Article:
Last year my former colleague Sophie McBain (now resident in Cairo, and much missed) published a mischievous item in our Observations columns about Labour’s so-called Red Princes, the well-connected sons of former Labour MPs who wished to stand or were seeking to stand for parliament. Shortly afterwards I met one of them at a party and he was not pleased. “You should put your pistols away until after the election,” he urged indignantly. Not the best advice to offer a journalist, one would have thought. This got me thinking about what kind of media our politicians want. Labour MPs are eager to complain about the rabidly partisan election coverage of the right-wing press while being all too willing to sulk and curse if they do not receive the requisite support from those they consider to be on their own side. But what is preferable surely to simple-minded cheerleading – as if a political party were a football team – is scepticism and a willingness to satirise those who seek to be our elected representatives.
In a recent speech Michael Gove urged his fellow Conservatives to demonstrate that they were “warriors for the dispossessed”. Gove is the adopted son of an Aberdonian fishmonger and he understands as well as any politician how education can act as an engine of social mobility and transform lives. In a speech delivered at Brighton College in 2012 he said:
“More than almost any [other] developed nation, ours is a country in which your parentage dictates your progress. In England, more than in any comparable country, those who are born poor are more likely to stay poor and those who inherit privilege are more likely to pass on privilege. For those of us who believe in social justice this stratification and segregation are morally indefensible.”
I know many of my friends in education dislike Mr Gove but if more Conservatives spoke as he does – or indeed, as does Robert Halfon, the MP for Harlow and advocate of “white van conservatism” – the party would not be so widely loathed.
However, as things stand, the Tories remain too easily caricatured as the party of the rich – or, to put it another way, as the political wing of the City of London. As Peter Mandelson said, “It is not what they do but who they are. They’re like members of some elite private club.”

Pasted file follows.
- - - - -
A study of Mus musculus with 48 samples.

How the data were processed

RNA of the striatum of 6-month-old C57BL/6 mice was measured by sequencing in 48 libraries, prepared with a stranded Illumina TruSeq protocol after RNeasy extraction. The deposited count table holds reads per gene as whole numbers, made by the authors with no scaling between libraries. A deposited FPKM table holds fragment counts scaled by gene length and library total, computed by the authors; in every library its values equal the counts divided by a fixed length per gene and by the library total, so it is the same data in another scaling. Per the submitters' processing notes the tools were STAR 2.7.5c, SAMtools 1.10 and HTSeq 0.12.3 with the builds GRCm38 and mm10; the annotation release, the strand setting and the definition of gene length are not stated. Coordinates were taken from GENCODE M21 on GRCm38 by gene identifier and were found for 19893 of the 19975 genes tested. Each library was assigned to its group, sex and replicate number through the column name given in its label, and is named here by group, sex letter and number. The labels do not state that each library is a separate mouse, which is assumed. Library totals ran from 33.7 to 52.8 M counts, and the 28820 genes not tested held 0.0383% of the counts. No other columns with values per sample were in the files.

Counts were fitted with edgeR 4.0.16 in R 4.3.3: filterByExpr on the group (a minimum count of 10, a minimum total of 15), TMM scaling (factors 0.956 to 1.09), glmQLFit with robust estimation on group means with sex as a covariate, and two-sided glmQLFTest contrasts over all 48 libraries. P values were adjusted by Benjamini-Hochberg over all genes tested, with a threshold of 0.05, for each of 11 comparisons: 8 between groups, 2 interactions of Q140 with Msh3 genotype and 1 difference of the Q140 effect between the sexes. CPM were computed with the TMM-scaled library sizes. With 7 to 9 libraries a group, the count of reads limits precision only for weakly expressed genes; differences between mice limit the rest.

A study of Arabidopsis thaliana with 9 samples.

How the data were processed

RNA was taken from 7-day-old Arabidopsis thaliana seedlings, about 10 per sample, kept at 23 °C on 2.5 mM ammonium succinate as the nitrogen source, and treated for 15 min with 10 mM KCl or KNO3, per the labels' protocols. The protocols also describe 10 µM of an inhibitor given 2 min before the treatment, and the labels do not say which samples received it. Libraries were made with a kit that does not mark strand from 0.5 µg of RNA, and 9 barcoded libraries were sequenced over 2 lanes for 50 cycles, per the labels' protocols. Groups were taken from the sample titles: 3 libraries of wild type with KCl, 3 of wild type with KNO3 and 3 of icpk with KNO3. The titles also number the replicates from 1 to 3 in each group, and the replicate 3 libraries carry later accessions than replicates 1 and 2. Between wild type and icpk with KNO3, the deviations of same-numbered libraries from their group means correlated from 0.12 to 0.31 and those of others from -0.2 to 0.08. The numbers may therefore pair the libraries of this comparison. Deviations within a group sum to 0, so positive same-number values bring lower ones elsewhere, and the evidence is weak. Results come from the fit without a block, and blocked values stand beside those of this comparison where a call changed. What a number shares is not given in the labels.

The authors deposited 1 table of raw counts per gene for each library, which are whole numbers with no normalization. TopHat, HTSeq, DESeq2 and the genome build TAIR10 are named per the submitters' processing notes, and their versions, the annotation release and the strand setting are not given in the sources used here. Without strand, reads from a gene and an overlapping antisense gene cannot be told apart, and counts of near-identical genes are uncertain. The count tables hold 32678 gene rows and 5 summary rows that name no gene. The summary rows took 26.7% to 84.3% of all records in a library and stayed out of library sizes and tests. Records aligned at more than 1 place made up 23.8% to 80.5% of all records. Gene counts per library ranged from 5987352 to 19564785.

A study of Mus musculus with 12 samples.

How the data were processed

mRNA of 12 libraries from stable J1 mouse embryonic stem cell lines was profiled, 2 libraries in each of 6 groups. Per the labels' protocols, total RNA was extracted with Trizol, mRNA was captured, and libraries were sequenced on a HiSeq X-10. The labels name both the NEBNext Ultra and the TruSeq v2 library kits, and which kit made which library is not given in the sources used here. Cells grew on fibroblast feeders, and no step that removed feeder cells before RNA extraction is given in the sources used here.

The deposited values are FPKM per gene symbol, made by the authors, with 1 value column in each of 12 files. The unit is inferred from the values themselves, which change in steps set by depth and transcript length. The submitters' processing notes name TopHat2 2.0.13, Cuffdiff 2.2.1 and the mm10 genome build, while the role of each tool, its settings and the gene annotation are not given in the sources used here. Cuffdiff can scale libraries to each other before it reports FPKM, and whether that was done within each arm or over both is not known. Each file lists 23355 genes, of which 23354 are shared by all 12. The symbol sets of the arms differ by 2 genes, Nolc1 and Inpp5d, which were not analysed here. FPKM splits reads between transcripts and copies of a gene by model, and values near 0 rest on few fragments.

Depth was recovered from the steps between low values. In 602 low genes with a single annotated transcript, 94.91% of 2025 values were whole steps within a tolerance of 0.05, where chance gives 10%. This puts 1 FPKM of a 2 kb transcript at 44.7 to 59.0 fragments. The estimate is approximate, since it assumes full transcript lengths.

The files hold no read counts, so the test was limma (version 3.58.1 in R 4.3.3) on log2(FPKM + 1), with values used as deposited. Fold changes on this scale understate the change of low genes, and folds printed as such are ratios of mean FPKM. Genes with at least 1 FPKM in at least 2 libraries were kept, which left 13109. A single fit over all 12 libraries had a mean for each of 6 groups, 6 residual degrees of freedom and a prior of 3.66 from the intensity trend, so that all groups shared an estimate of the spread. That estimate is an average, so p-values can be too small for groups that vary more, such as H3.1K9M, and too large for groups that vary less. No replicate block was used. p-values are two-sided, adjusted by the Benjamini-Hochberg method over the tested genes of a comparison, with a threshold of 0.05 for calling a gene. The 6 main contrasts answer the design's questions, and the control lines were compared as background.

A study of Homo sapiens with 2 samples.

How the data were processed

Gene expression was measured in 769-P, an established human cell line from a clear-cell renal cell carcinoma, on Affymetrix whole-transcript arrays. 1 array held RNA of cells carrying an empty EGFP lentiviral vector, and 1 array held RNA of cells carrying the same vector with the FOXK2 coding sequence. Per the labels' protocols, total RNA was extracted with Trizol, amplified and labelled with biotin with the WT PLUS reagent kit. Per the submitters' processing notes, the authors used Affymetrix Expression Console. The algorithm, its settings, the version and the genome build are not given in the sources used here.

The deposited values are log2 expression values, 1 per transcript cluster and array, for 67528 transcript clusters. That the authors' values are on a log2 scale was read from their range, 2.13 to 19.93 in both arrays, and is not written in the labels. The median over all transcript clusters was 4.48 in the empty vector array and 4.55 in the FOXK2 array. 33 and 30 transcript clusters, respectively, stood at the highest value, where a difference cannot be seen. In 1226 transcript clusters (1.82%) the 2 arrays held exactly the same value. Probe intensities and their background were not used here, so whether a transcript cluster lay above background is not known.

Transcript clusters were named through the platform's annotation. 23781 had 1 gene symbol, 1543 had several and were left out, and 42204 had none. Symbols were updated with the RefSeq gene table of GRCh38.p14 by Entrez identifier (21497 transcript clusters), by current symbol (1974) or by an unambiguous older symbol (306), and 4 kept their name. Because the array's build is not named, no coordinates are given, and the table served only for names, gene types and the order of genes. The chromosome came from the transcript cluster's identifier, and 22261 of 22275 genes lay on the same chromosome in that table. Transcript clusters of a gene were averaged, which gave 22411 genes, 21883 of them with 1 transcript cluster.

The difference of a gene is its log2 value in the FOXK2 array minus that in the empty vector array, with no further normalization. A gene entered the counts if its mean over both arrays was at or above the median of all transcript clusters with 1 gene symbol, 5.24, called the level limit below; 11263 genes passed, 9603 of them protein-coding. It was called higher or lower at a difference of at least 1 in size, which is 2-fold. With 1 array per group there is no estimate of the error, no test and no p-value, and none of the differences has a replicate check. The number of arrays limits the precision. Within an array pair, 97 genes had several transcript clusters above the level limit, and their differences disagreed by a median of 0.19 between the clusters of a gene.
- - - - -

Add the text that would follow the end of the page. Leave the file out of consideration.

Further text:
This perception has hardened into received wisdom. It’s one of the reasons why the Conservatives have struggled so desperately to win an absolute majority. Indeed, they have not won a majority since 1992, when more than 14 million people voted for the party under John Major (compared to 10.7 million for David Cameron in 2010).
For all his struggles to control a fractious party and his humiliating final defeat to Tony Blair in 1997, Major was liked by the public because he spoke plain good sense and did not seem aloof from their interests. During this campaign he gave a speech in which he reminded voters of his inspiring personal story: the son of a trapeze artist from Brixton who never went to university but who rose to occupy the highest office in the land. The Conservatives, he said, offered a “hand up when my family had nothing”. But he joined the party of Macmillan, not today’s weird coalition of ideological Eurosceptics and Randians. As one Tory grandee, a hereditary peer, put it to me: “What kind of party have we become if Chris Grayling is Lord Chancellor?”
One does not need to be a working-class hero such as John Major to capture the nation’s imagination, of course. But the Prime Minister’s apparent languor and insouciance conspire against him. “He [Cameron] worked his way up from the inside, floor by floor,” his friend and fellow MP Nicholas Boles has said. Cameron has little of the originality of Margaret Thatcher, who had a compelling story to tell the electorate about where she’d come from and, even if you disapproved of them, what values had sustained her on her journey from the grocer’s shop in Grantham. You were never in any doubt about what she believed in or wanted. But the Prime Minister too often sends mixed messages, claiming that “we are the party of working people”, while hosting black-and-white balls for the super-rich.
In their different ways, Cameron and Ed Miliband are both ultimate party insiders: representatives of different tribes, yes – one a member of the Etonian governing class, the other a Hampstead socialist – but both the product of privileged networks, family contacts and covert associations. Because of this neither can break free from the pack, taking the people with them on the way to winning a resounding mandate. As a consequence, at the end of this uninspiring campaign, we face one hell of a muddle.
A few days ago I did something very strange, at least for me. I joined Twitter, under pressure from the NS team and some seven years later than most journalists I know. Before this, as befits one who relishes anonymity and lives quietly in what J G Ballard called the “television suburbs” (though perhaps not as quietly and unfashionably as my old friend Peter Wilby), I had no social media presence and had never used Facebook (something I’m determined never to do). My arrival was welcomed by a few friends of the NS. “Twitter is a terrible place, you’ll love it,” said Laurie Penny. “The waters are warm and not too sharky,” tweeted Andrew Marr, who has also only just joined the micoblogging site. “Ha! Will wonders never cease? You finally caved,” said Mehdi Hasan. I’ll try to keep it up. You can follow me @JasonCowleyNS.